Trump bigs up Brexit at press conference with Theresa May
US president hogs the microphone but strikes all the right notes for British audience
British prime minister Theresa May and US president Donald Trump during a joint news conference at the White House in Washington, DC on Friday. Photograph: Andrew Harrer/Bloomberg
In his joint press conference with Theresa May at the White House on Friday, Donald Trump struck all the right notes for a British audience, extolling the “special relationship”, flattering the prime minister and talking up Britain’s prospects outside the European Union. The two leaders appeared more relaxed in each other’s company than in the Oval Office an hour earlier, when they exchanged awkward chit-chat before the cameras as they stood next to a bust of Winston Churchill.
The president sidestepped the most difficult questions, sounding less fulsome than before about his Russian counterpart, Vladimir Putin, with whom he is due to talk by phone on Saturday. Trump restated his belief in the effectiveness of torture, but said he would defer to his defence secretary Gen James Mattis, who opposes it.
In his praise of Brexit, he referred to difficulties he faced in Ireland, which he referred to only as “another” EU country, when he tried to develop a golf course. The president praised the actions of the Government but complained that EU regulations made the project impossible.
The prime minister had less to say during the press conference, partly because Trump hogged the microphone, even answering May’s questions for her on a couple of occasions. She did place on record that, during their private conversation, the president had told her he was 100 per cent behind Nato, an organisation he has previously dismissed as obsolete. And she made clear her opposition to lifting sanctions against Russia until it implements the Minsk agreement on Ukraine.
In a speech to Republican legislators in Philadelphia on Thursday, May offered a robust defence of Nato and the postwar, liberal, global order in general. She also made clear that, although Britain is leaving the EU, it believes that the success of the European project is in both the British and American interest.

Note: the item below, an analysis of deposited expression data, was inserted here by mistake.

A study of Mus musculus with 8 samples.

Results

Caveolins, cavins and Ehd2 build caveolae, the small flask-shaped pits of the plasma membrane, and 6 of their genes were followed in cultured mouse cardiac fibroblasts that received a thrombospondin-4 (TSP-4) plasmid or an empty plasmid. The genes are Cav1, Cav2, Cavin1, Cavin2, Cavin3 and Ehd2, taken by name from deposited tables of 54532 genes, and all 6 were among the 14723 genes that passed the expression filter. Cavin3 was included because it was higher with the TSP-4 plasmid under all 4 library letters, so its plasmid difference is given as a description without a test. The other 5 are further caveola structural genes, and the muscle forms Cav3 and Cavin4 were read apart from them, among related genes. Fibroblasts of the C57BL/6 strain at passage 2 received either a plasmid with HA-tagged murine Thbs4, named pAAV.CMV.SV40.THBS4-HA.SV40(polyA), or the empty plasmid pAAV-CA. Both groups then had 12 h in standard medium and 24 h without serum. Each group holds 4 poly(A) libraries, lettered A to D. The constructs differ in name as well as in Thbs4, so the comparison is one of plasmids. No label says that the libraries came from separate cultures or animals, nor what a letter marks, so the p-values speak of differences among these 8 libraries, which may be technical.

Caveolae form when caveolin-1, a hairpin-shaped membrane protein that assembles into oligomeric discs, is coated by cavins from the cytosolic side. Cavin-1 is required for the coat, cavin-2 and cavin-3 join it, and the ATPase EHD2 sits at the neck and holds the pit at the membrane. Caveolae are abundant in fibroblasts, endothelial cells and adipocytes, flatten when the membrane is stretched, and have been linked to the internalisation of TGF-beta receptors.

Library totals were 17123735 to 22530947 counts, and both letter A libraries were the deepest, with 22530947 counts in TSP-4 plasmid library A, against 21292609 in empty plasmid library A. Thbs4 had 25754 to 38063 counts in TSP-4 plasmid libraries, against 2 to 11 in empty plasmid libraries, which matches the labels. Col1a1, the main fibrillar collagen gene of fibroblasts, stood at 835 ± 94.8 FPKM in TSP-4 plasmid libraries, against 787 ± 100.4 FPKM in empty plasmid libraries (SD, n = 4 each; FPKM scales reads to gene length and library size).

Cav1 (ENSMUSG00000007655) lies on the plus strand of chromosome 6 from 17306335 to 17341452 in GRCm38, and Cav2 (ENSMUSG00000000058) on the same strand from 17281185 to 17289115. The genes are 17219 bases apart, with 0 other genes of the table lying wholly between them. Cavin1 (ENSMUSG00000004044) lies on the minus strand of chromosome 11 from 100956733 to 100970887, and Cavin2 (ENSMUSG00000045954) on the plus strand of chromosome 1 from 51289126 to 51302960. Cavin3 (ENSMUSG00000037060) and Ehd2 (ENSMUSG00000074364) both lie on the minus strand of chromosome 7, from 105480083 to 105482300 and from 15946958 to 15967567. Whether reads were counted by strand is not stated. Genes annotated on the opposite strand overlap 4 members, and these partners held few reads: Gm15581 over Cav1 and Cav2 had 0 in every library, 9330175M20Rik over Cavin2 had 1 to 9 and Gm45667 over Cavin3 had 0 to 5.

She warned the US against turning away from the world, counselled Trump to proceed warily in his dealings with Putin, and defended the Iran nuclear deal. In an important shift in British foreign policy, however, she rejected the doctrine of liberal interventionism outlined by Tony Blair in a speech in Chicago in 1999.
May’s rejection of attempts “to remake the world in our own image” reflects the shift in British public opinion away from foreign military adventures since the invasion of Iraq. But it must also be seen in the context of the shrinking of Britain’s military capacity in recent years, which has seen army numbers, for example, diminish to the point where Britain would be unable to provide even a division in a joint campaign with the US.
This reduction in military capacity, which is also reflected in the Royal Navy and the Royal Air Force, has made Britain a less useful ally to the US. Even in the field of intelligence, the global reach of America’s electronic espionage makes Britain’s contribution less important.
This reality could be a more significant factor in any future downgrading of the “special relationship”, even more than the new US president’s emerging foreign policy or his capricious approach to relationships.